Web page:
World’s Largest Collection of Asian Art to Hit Auction Block

Robert Hatfield Ellsworth's former residence on Fifth Avenue, New York. Courtesy of Christie's.

The largest private collection of Asian art ever to go to auction will come under the hammer at Christie’s in March 2015. The sale’s 2,000 lots were amassed by the late Robert Hatfield Ellsworth. A prominent American dealer, Ellsworth is credited with shaping important collections of Asian art including those of John D. Rockefeller III and the financier Christian Humann.

Ellsworth passed away in August 2014 (see “Robert H. Ellsworth, King of Ming, Dead at 85“). He was the first American art dealer to visit mainland China in the 1970s. He later became an honorary Chinese citizen in recognition of his work in cultural preservation and was named an honorary consultant and curator of the Beijing History Museum.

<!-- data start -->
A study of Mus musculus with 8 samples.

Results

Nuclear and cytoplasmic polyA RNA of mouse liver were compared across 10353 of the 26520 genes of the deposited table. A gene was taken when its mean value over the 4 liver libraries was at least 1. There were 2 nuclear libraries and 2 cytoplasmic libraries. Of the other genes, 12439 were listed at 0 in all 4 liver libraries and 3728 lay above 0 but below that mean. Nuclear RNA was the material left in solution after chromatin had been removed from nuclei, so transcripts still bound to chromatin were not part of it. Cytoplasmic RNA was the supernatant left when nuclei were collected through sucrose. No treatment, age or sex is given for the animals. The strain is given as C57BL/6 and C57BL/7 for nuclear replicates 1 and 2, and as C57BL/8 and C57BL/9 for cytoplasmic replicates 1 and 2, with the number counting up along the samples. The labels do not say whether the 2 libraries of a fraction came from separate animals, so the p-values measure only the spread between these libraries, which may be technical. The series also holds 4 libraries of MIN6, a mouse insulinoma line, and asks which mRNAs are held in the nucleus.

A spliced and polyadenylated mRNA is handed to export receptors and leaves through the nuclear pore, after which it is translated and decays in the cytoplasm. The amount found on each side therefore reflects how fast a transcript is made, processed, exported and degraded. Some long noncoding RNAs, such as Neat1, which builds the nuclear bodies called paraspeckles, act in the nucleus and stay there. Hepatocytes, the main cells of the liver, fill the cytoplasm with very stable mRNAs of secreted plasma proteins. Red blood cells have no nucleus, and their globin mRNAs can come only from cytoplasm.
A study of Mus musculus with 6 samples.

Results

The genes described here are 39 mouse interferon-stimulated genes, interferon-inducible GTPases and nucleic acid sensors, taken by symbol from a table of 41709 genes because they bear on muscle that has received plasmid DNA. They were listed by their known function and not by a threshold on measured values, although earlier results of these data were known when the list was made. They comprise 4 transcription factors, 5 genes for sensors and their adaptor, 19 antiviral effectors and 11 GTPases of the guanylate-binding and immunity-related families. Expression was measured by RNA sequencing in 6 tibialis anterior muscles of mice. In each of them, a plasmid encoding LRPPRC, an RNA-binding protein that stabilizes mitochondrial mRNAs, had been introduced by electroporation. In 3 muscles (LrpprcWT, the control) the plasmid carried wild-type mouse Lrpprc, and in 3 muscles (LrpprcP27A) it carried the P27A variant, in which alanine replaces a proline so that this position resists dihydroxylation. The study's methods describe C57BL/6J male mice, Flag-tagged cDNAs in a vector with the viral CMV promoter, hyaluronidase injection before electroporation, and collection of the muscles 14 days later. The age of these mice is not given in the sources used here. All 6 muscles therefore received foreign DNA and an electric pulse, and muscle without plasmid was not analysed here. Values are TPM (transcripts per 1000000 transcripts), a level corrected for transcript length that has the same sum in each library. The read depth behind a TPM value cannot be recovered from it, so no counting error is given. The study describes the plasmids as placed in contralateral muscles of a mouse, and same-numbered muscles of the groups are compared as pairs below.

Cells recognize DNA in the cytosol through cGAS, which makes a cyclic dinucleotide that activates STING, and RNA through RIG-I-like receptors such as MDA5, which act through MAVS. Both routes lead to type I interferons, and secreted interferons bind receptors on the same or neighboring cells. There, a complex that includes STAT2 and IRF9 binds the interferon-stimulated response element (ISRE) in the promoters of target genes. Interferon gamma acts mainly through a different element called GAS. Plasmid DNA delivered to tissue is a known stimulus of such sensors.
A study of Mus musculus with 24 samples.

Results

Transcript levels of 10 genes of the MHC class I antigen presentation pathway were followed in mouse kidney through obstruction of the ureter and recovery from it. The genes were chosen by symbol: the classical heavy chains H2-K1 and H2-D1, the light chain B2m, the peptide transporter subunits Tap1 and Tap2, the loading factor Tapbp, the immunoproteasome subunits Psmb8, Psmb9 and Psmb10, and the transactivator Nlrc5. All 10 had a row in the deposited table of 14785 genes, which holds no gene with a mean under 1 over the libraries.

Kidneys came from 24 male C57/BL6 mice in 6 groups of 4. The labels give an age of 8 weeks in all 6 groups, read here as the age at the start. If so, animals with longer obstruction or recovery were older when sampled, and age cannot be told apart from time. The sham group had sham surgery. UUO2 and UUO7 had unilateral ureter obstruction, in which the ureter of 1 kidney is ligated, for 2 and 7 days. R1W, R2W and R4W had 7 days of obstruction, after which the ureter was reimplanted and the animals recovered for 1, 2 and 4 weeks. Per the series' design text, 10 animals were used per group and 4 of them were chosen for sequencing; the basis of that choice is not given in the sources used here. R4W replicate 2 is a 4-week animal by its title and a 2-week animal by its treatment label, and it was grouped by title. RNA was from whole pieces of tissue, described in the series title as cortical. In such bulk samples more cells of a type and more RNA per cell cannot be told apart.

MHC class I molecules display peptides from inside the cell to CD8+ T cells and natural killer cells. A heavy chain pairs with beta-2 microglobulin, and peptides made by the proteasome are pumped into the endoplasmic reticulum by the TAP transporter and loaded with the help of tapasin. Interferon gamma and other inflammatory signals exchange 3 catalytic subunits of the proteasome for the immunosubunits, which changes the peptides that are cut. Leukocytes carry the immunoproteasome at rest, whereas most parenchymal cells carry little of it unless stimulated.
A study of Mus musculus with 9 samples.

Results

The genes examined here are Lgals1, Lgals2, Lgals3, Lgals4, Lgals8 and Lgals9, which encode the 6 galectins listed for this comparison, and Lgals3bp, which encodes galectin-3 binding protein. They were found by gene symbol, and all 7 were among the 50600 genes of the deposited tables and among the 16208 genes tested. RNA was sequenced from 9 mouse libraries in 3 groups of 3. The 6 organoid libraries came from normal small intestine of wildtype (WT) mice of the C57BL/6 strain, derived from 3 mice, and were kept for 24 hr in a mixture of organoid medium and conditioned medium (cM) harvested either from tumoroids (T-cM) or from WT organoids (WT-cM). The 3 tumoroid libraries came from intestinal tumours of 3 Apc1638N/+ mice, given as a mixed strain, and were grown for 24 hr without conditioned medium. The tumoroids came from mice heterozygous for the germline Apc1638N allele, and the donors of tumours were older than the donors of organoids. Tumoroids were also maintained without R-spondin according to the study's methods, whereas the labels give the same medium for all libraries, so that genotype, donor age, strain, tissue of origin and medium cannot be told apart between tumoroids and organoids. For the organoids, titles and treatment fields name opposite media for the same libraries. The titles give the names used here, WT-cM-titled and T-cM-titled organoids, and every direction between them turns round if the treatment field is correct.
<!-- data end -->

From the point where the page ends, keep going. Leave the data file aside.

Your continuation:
One of the collector’s most notable contributions to Chinese art scholarship is pioneering the Western collection of modern Chinese paintings. He advocated for 19th and 20th century works that were previously ignored by critics. And he managed to convince Western art historians that Chinese painting did not simply die out after the 1800s.

Chinese furniture, Indian, Himalayan and Southeast Asian art, as well as modern Chinese paintings comprise a large part of his collection. It will be sold online and in live auctions over a five-day period in March 2015 at Christie’s New York. There will also be a sale of English and European furniture and decorative arts culled from Ellsworth’s home in New York City.

The auction may not be exactly what Ellsworth had in mind for his collection, but it’s close enough. In 1994, the collector told the Independent that when he died his collection would “be sold in a consecutive seven-day sale. The last lot will be a single item, the finest piece of jade in the world—which I wear on my finger.”

The auction’s highlights will tour Asia, kicking off with a stop in Hong Kong on November 21.